Rest Easy, Friend

There’s a magnetic white board in the radio room at our station. I noticed it on my first day, back when everything was so interesting and scary and new. Stuck to the board were multiple rectangular magnets. Each magnet had a member’s name, rank, and training level typed on it in utilitarian, unassuming font. Your magnet remained on the board when you were in town or available. If you were out of town, your magnet was to be removed until you came back. I read through the unfamiliar names, with standard titles after them such as “paramedic,” “firefighter,” or “driver.” But one in particular caught my eye.

Chick Magnet

I smiled to myself, furrowed my brows in disbelief, and made a mental note to find this George.

One day, a classy champagne colored Lincoln cruised into the fire department parking lot. On the side, in traditional fire service gold leafing, was printed “COMMISSIONER.” An 80-something year old man stepped out, and walked into the department. Everyone greeted him, “George! Commissioner! How are you?” He smiled and made his way over to one of the chairs in the radio room. From this chair, he would share stories, give guidance, and raise hell.

George had served on the fire department for over 20 years, helping fight some of the worst blazes in the region’s history. He went on to serve as deputy chief. After his retirement, he stayed with the department for an additional 30 years, serving as our photographer. His heart was truly in the fire service, doing some incredible things for both individuals and the town. Be it running into a burning building and surviving a flashover in order to rescue a woman, or donating his childhood home to become a fire museum, he always put others before himself.

In his retirement, he came by the department just about every day to stir up trouble. He would tell you that’s exactly what he was doing too, laughing all the while. “Look what I started here!” He would say when a commotion got going. If you ever good naturedly back-sassed the man, he would take mock offense and say, “You know, ever since we gave you women the right to vote, you think you can just do whatever you want. We used to not even allow women in the station until some years ago.” And if a man challenged him? “What’s that? Oh, I’ll have you runnin’ down the street, cryin, ‘I didn’t mean it! I didn’t mean it!’”

He befriended all of the members, regardless of their age. He was always encouraging. He let me know how proud he was of me when I won my trip to Vegas, and when I’d passed my EMT-B. It didn’t matter if you’d been on the department for 20 years or 20 minutes; he was there with a devilish smile and a quick comment to make you feel right at home. We’d sat down and talked on a number of occasions, sharing tales of bravery and stories of stupidity. We discussed successes and failures, past and future, happiness and sorrow, life and death, and just about everything in between.

One summer morning, we learned that we had lost our dear friend. We lost a wealth of humor and knowledge. He was so much to so many: Firefighter. Navyman. World War II veteran. Museum curator. Comedian. Lady’s man. Friend. Third grandfather. Mentor. That day, the station was flooded with members from the community, officers from other fire departments, and members not on duty: all people that loved “The Commish,” as we’d come to call him, so much.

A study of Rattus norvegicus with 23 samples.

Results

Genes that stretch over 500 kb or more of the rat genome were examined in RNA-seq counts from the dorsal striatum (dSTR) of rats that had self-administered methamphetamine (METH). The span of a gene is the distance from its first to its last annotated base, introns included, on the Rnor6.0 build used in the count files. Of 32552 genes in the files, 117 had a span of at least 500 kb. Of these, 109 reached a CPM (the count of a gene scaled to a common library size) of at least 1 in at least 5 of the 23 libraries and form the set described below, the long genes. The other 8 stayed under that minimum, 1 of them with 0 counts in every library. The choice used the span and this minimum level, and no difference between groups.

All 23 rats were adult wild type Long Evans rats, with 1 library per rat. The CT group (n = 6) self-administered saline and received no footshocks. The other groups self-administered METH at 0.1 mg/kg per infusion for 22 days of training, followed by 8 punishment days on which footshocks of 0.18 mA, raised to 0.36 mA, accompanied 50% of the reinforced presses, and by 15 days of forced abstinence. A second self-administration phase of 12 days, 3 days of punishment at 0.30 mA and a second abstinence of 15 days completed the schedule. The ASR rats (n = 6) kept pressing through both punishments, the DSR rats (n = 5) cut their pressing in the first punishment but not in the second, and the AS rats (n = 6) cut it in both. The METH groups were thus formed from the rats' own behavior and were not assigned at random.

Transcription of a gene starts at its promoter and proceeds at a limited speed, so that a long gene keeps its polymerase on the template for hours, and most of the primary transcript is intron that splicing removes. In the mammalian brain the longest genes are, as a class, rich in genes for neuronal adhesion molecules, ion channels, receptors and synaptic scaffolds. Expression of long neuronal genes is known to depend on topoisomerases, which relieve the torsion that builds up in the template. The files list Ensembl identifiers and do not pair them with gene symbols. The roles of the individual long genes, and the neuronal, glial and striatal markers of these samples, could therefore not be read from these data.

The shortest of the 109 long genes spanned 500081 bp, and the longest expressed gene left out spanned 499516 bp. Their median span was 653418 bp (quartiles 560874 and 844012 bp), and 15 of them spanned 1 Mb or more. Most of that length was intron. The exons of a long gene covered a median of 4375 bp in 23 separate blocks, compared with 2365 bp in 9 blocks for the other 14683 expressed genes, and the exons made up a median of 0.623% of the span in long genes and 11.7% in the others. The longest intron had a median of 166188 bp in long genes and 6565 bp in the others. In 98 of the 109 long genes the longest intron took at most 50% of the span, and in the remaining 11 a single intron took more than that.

I kept all of this in mind as I pinned my gleaming silver badge to my uniform, very mindful of the thick, black elastic wrapped around it. A firefighter once described the functions of Class A uniforms as things to wear, “For marryin’ and buryin’.” The black and purple bunting over the bay doors fluttered in a breeze. A strong gust ultimately flipped the bunting over onto the roof of the station, and we all chuckled to ourselves and said that was George’s doing. We stood about 70 strong, made up of members both past and present, as well as firefighters from departments all over the region. We were identical in our Class A’s, with mourning banded badges over our heavy hearts. We led a slow, somber parade to the church. We stood together and saluted him as he was carried past us. We laughed and teared up during the beautiful service and the heartfelt eulogies. We cried together as the fire whistle blew 10 times for his last call: 8 for his forever-retired badge number, and twice more for “All Out.”

His ashes are out to sea now with his wife’s. Now he can make the trip twice a day to Europe with her, just like he always told us he had wanted. The bunting has since been removed from our station, which I know would be a relief to him; he never liked having a big fuss made over him. Although the mourning bands have since been removed from our badges, we will all carry a mourning band around our hearts for quite some time.

Dear friend, I wish I’d hugged you one last time. I wish I’d written down more of your stories. I wish I’d made it abundantly clear how much you meant to me and everyone else. Above all, I love and miss you very much. Rest easy, Commissioner.


  1. That’s a hard post to write. The loss of a mentor, colleague, friend and so much more is difficult, more difficult than a lot of people can ever imagine. I lost two of my mentors suddenly in 2010. I can’t say it ever gets easier because that hole in your heart never really goes away, but slowly it starts to sting less. I’m glad you got to honour (oops, my Canadian is showing there) your friend. Thank you for sharing.